Collaboratively Designing and Building a Digital Entomology Lab at K-State

Collaboratively Designing and Building a Digital Entomology Lab at K-State

Copyright: © 2013 |Pages: 28
DOI: 10.4018/978-1-4666-1933-3.ch012



The study of foundational general entomology generally involves the study of the role of insects in the biosphere. Their wide proliferation (with some 10 quintillion individual insects on earth at any given moment, with some 200,000,000 insects to one human) is a beginning point-of-interest for new learners. A general approach in this class involves a lecture / lab combined approach. The lectures highlight various facts about insects’ various structures and functions; the lab part enables learners to learn more about insect cephalization (the evolution of the insect body form) and insect morphology (structures and functions) up close. They may have a field project in which they go out and capture particular insects for closer study. More in-depth types of studies in entomology involve internships; field-based courses (sometimes called “land labs”), or farmer-field-school approaches which enable many people from different sectors of society to be co-trained simultaneously (Barfield, 2004). The formal learning here is intentional and often conducted in a structured way in order to help the learners earn college credit. People with degrees in entomology may branch out into other fields in agriculture, education, government (such as inspection services), lab work, public health, and environmental protection, among others.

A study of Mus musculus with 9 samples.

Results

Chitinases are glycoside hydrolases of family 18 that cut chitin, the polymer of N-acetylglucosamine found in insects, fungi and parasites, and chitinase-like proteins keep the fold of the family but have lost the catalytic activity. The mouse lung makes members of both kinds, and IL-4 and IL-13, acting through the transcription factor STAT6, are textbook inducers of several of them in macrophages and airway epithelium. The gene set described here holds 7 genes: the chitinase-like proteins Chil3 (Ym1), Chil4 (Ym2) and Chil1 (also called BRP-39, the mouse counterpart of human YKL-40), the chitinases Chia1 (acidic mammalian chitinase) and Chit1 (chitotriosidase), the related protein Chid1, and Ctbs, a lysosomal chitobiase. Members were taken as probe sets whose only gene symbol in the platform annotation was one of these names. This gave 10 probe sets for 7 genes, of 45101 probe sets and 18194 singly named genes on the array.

Phase 1 of this project began in February 2011 when a simple photobox was set up in a small student club space in the basement of one of the academic buildings on campus. A high-end camera was purchased for the capture of the macro images. The close-up images of various common insects were captured from five main angles (lateral, anterior, posterior, dorsal, and ventral) and made available as both stand-alone images and as integrated factsheets. A 2D (25 mm x 25 mm) black-and-white grid structure enabled users to gain a sense of the relative sizes of the various insects. The detailed close-up images clearly demonstrated the insects’ physical structures. Phase 1 concluded with the contents made available on a fairly static site.